During the Spanish Inquisition, there were plenty of ways that one could be identified as a Jew. One way people would identify their neighbors as Jews was observing whether they would eat non-kosher food that was popular with the Christian population such as pork, sausage, or fish without scales.
Related Blog Posts on Aging and Jewish History
I've been reflecting on the story of America's founding - the narrative many of us learn as children in the United States. I've recently learned a different version of that story - one that I now recognize intertwines with my own. My identities as Cuban American and Jewish have been shaped by Indigenous stories in America and in Cuba; particularly the themes of beginnings, loss, transformation, and change.
Imagine that you travel back in time to 1934 – when Europe had no inkling of the catastrophic events lying ahead that would transform that continent forever. What would you photograph to capture the authentic essence of human experience at that liminal moment in history?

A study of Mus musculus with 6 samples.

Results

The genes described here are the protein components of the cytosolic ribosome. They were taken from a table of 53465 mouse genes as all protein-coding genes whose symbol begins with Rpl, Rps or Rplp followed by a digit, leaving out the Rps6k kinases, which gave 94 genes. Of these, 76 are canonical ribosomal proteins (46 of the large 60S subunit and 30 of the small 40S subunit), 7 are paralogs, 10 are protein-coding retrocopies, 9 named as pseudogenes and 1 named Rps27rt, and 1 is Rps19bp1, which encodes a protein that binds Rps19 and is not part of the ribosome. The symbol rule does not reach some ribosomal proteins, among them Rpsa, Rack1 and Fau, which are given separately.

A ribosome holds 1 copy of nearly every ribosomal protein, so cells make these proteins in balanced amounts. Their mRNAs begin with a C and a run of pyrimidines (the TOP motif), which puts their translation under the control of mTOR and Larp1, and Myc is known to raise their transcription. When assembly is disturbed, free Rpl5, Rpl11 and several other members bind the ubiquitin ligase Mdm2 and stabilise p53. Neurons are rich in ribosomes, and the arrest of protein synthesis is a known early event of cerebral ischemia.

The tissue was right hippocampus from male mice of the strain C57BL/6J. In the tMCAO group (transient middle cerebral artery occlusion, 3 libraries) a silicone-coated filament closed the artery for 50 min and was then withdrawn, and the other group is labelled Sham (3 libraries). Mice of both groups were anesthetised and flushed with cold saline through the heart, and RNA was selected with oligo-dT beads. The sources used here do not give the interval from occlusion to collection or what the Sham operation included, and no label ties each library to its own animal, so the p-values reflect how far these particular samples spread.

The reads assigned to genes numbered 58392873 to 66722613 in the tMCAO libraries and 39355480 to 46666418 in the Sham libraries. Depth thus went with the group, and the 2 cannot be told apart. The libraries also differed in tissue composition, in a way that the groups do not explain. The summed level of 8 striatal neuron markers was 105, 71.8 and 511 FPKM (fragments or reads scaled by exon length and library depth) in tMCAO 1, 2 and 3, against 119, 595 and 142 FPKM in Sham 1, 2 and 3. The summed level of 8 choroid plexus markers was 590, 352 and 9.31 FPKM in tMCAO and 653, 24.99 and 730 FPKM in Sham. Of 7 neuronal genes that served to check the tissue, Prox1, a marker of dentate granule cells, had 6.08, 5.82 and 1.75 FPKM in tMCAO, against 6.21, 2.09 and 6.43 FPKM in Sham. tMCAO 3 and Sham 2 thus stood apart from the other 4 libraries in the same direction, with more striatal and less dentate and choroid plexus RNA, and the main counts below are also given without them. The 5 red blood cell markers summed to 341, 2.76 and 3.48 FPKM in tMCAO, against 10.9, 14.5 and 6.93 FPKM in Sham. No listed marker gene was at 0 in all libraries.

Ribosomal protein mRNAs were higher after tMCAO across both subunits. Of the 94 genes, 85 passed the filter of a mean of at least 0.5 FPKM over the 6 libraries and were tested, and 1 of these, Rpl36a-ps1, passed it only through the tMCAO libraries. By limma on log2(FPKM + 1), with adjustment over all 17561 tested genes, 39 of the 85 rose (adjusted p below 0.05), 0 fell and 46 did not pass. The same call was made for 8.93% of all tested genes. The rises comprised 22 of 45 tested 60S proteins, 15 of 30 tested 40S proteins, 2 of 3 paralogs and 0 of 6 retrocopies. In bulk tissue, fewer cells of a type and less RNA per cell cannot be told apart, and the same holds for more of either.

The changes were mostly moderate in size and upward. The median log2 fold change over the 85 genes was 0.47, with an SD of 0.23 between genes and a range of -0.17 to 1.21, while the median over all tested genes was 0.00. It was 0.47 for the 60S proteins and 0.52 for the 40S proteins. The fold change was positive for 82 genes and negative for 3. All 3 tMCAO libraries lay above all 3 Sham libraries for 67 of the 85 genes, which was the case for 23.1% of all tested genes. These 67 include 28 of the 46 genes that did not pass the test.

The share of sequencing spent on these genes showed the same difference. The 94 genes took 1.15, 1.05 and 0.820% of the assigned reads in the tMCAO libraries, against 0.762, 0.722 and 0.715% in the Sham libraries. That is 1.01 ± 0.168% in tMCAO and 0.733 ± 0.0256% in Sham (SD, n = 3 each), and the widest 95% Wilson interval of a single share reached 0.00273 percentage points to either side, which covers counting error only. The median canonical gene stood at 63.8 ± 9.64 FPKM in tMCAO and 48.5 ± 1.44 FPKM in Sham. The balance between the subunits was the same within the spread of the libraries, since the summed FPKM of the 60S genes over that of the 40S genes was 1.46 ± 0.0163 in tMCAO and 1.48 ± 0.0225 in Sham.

On June 3, 1972, Rabbi Sally Priesand was ordained by Hebrew Union College-Jewish Institute of Religion as the first woman rabbi in North America. To celebrate this milestone in Jewish and American history, HUC's Dr. Bernard Heller Museum in New York partnered with The Braid's Story Archive of Women Rabbis in Los Angeles to create the exhibition "Holy Sparks," presenting 24 ground-breaking women rabbis who were "firsts" in their time.
Eighty years ago on January 20, 1942, the infamous Wannsee Conference took place in a large lakeside three-story mansion in suburban Berlin. Fifteen Nazi German leaders attended the meeting that coordinated plans to "orderly execute" ---murder--- millions of Jews during World War II.
On November 9, we will mark the anniversary of Kristallnacht (Night of the Broken Glass), the Third Reich's first large-scale attack on the Jews of Germany and Austria in 1938.
April 11, 2021, marks the 60th anniversary of the opening of Adolf Eichmann’s trial, which coincided with the young Jewish state’s bat/bar mitzvah year of independence. These two events represent a microcosm of modern Jewish history.
My mother’s answer to hate is love. When I asked her what she wishes for herself and for the world, she said, “For myself good health, so I can be good to others. For the world, peace not war. No bad person wins in the end. What did Hitler achieve?”
It is difficult to imagine anyone not moved by the scenes of children seeking asylum at our southern border.